My initial post-race takeaways on the opening Monument of the season, Milano-Sanremo
Near the end of today’s Milano-Sanremo, Mathieu van der Poel wedged open a slight gap on an elite front group containing Tadej Pogačar, Filippo Ganna, and Wout van Aert after a scorching-fast ascent of the Poggio, and then used his elite bike handling skills to extend it into a comfortable race-winning margin on the ensuing technical descent to take his third career Monument victory in the fan-packed streets of Sanremo.
Below are my quick thoughts about the ride before the full race breakdown on Monday:
1) Mathieu van der Poel +0
2) Filippo Ganna +15
3) Wout van Aert +15
4) Tadej Pogačar +15
5) Søren Kragh Andersen +26
6) Mads Pedersen +26
7) Neilson Powless +26
8) Matej Mohorič +26
9) Anthony Turgis +26
10) Jasper Stuyven +26
Mathieu van der Poel is officially back after an uneven 11-month stretch
In contrast with his impressive career win rate, the 28-year-old had been in a relative slump since last year’s Spring Classics, with only two wins in an 11-month span. And, after an extremely plodding start at last weekend’s Strade-Bianche, and a forgettable week at Tirreno-Adriatico (outside of two great leadouts for his teammates Jasper Philipsen), Van der Poel entered this race as a major underdog in the betting markets relative to Pogacar and Van Aert.
But, after he rode clear to set a record ascent of the final Poggio climb, it was suddenly made clear that Van der Poel’s recent sluggishness wasn’t due to missing form or an injured back, but was instead the product of an uncharacteristically measured training approach that has seem him enter lesser races without his usual sharpness, but has set him up for incredible rides at two major victories in the past few months (CX World Champs & MSR).
This slow-build strategy clashes heavily with Van der Poel’s 2021 spring campaign, where he dropped draws with herculean performances at Strade-Bianche and Tirreno-Adriatico, only to sputter through the major one-day classics (by his standards) and finish the season with only four wins after the month of March.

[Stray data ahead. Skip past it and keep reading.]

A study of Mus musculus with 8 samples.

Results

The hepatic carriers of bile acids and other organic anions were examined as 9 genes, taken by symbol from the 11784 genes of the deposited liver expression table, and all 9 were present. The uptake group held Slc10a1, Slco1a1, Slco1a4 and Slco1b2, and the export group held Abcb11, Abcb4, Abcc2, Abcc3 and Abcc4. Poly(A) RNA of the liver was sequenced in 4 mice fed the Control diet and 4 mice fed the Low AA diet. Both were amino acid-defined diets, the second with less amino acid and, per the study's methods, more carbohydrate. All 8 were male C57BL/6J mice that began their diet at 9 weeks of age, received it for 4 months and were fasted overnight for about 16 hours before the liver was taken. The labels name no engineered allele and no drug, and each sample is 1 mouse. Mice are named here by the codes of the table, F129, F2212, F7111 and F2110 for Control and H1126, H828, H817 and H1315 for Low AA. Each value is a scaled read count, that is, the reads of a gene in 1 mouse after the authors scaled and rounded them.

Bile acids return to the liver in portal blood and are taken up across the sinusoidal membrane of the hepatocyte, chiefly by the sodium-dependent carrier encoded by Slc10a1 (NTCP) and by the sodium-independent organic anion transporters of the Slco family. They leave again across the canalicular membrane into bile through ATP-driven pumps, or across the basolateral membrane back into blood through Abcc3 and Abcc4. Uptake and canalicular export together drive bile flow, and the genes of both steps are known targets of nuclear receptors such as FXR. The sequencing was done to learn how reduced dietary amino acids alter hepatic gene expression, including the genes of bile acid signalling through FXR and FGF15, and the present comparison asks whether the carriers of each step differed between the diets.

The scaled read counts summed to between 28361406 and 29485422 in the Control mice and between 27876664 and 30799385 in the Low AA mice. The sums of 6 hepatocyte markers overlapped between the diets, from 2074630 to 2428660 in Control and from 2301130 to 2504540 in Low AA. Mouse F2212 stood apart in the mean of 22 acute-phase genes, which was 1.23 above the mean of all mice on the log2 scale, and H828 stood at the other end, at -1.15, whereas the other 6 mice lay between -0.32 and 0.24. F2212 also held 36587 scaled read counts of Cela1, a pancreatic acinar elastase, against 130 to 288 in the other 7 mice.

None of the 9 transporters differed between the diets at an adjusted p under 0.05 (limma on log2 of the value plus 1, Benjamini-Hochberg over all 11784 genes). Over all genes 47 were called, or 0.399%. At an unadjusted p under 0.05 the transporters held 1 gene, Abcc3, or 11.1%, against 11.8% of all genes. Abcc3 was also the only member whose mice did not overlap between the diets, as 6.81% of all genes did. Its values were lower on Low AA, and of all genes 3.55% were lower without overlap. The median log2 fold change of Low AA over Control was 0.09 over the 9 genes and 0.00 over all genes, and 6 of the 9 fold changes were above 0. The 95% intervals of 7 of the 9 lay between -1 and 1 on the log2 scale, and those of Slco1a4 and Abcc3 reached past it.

This new-look Van der Poel might win less, but he is quickly becoming one of the premier big-time one-day riders in the sport along with Tadej Pogačar. This is evidenced by the fact that his three Monument titles mean he and Pogacar are currently tied for the most Monument wins in the active peloton.
Tadej Pogačar finally showed his power does indeed have limits
After a four-week run that saw him seven wins and prompted some to wonder if the 2023 Tour de France was already won, Tadej Pogačar finally missed a podium by coming in 4th, the last rider in the elite front group. This ‘disappointment’ might surprise those who just watched Pogačar easily ride away from some of the sport’s best climbers on the final stage at Paris-Nice just a few days ago, but it is important to remember that this loss wasn’t a result of poor form, but simple physics.
Pogačar might be the king of watts per kilo (which allows him to dominate on longer, steeper climbs like Col d’Eze at Paris-Nice and the long Cols of the Tour de France), but on a short, shallow climb like the Poggio, raw power output, instead of power output divided by a rider’s weight, will almost always win out. And with Van der Poel weighing at least 10 kilograms more than him (and Van Aert and Ganna pushing between 10-15 more kilos), it would be nearly impossible for Pogačar to push enough watts to distance his competition on a climb like this.
This is important to keep in mind when digesting analysis from this performance that suggests Pogačar has somehow over-cooked his form at this early point in the season. At the end of the day, he was three seconds off the fastest time ever up a climb that doesn’t even particularly suit his abilities (Poggio).
This means his grand tour rivals like Jonas Vingegaard certainly won’t be able to take the least bit of solace in this loss.
He lost the race, but Filippo Ganna may have had the ride of the day
It might be absurd to suggest, but while Van der Poel’s win was incredible, the ride of the day might go to the hulking Italian, who, over a 15-minute period, suggested that he may be in the midst of a mid-career transformation from a time trial specialist to a top-tier all-around racer capable of contesting a wide variety of stages and one-day races.
Ganna’s ride, where he was the only rider capable of responding to Pogačar’s initial attack on the Poggio, nearly claimed the all-time climbing record of the Poggio and rode Wout van Aert straight off his wheel to claim second place, suggests the sky is the limit for the powerful Italian rider, whether he wants to chase one-day classics in the mold of Fabian Cancellara, or grand tours like Bradley Wiggins and Geraint Thomas.
With sustained power as high as Ganna, the only true limiters are if he wants to live the monkish life required of larger-framed grand tour contenders and/or undertake the race-long physical and mental battles during the major Spring Classics.